Book challengers are protecting children from almost ALL LGBTQ and POC authors
The concerted effort to ban books that offend Christian fascist sensibilities rages on across the United States.
While I suspect the 2023 numbers will be even higher, 2022 was The Year of Banned Books, according to the American Library Association, with 2,571 different titles challenged.
“Overwhelmingly, we’re seeing [book] challenges come from organized censorship groups that target local library board meetings to demand removal of a long list of books they share on social media,” Deborah Caldwell-Stone, director of ALA’s Office for Intellectual Freedom, told ABC News.
Hey, as the old adage goes: Books, you can’t live with them; you must live without them, especially if those books are in any way queer.
According to an ALA press release, “Of [the] titles, the vast majority were written by or about members of the LGBTQIA+ community and people of color.”
Wait, and people of color? Wait, are Christian fascists racist, too? Why, yes. Yes, they are.
As Caldwell-Stone told ABC News, “Their aim is to suppress the voices of those traditionally excluded from our nation’s conversations, such as people in the LGBTQIA+ community or people of color.”
You don’t say. Or rather, “You can’t say.”
The supposed aim of these book challengers is to protect children from what they deem pornographic material in our country’s libraries and schools.
So God bless the parent in Utah who is using the state’s Sensitive Materials in Schools act to challenge a book that they call “the most sex-ridden books around.” The book includes, as the parent details in their written challenge, “Incest, onanism, bestiality, prostitution, genital mutilation, fellatio, dildos, rape, and even infanticide.”
Oh, wow. That definitely sounds like a book inappropriate for children. Kind of shocking that a book like this would be available in any school libraries. Until you realize that the book in question is the Holy Bible.
Oh, and if you, like me, are thinking, “Wait, there are dildos in the Bible?” The answer is yes. I had to Google it (pray for my search history). It’s from Ezekiel 16:17: “You also took the fine jewelry I gave you, the jewelry made of my gold and silver, and you made for yourself male idols and engaged in prostitution with them.” I don’t know who the “you” or the “I” refers to in this gem, but the same people trying to ban books don’t believe in pronouns, so I guess it’s cool.
The parent’s challenge continues, “You’ll no doubt find that the Bible, under Utah Code Ann. § 76-10-1227, has ‘no serious values for minors’ because it’s pornographic by our new definition. Get this PORN out of our schools! If the books that have been banned so far are any indication for way lesser offenses, this should be a slam dunk.”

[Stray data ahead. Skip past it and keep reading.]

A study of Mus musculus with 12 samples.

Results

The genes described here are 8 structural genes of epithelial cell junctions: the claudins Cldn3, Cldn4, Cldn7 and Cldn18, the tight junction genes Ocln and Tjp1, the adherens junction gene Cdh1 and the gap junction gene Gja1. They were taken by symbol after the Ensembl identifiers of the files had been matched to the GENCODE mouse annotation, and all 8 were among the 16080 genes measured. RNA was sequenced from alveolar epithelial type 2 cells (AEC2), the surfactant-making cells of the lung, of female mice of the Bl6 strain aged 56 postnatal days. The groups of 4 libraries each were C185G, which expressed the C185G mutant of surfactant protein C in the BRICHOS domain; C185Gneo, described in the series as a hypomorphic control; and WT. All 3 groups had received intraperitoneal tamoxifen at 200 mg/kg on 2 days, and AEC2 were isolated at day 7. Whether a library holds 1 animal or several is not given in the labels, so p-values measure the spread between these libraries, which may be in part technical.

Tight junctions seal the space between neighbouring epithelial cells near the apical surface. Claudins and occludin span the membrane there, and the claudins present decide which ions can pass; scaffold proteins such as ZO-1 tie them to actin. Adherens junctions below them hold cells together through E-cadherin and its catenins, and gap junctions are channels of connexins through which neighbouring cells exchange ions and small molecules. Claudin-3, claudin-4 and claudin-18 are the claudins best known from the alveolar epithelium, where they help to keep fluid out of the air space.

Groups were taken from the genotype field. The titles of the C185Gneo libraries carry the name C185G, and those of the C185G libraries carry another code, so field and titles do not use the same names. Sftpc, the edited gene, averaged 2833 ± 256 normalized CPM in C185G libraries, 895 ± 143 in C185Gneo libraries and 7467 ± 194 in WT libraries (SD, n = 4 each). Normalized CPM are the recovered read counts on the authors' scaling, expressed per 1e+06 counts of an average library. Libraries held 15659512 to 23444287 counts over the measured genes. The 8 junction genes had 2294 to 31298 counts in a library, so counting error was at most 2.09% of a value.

I suspect that this is not the kind of challenge the authors of the bill expected to see. But, as the saying goes, “One man’s porn is another man’s Bible.”
“I thank the Utah legislature and Utah Parents United for making this bad faith process so much easier and way more efficient,” the parent continues. “Now we can all ban books, and you don’t even need to read them or be accurate about it. Heck, you don’t even need to see the book! Ceding our children’s education, First Amendment rights and library access to a white supremacist hate group like Utah Parents United seems like a wonderful idea for a school district literally under investigation for being racist.”
Oh, and about the school district being racist. In October of 2021, the Department of Justice settled with the Davis School District, requiring them to address their “racially hostile environment and discriminatory discipline” against Black and Asian students. Yikes!
Christians are, of course, very upset. Not about the racism but about the Bible being challenged.
Rep. Ken Ivory, R-West Jordan, sponsor of the Sensitive Materials in Schools Act, says that the challenge to the Bible makes him “very sad.”
“There are any number of studies that directly link sexualization and hyper-sexualization with sexual exploitation and abuse. Certainly, those are things we don’t want in schools,” Ivory told the Salt Lake Tribune. “For people to minimize that and to make a mockery of it is very sad.”
Ivory, who has no concept of irony, called the challenge to the Bible an antic to “drain school resources.”
There was no response in the story from a school district librarian, probably because they were too busy reviewing challenges to books that acknowledge that LGBTQ people and racism are real.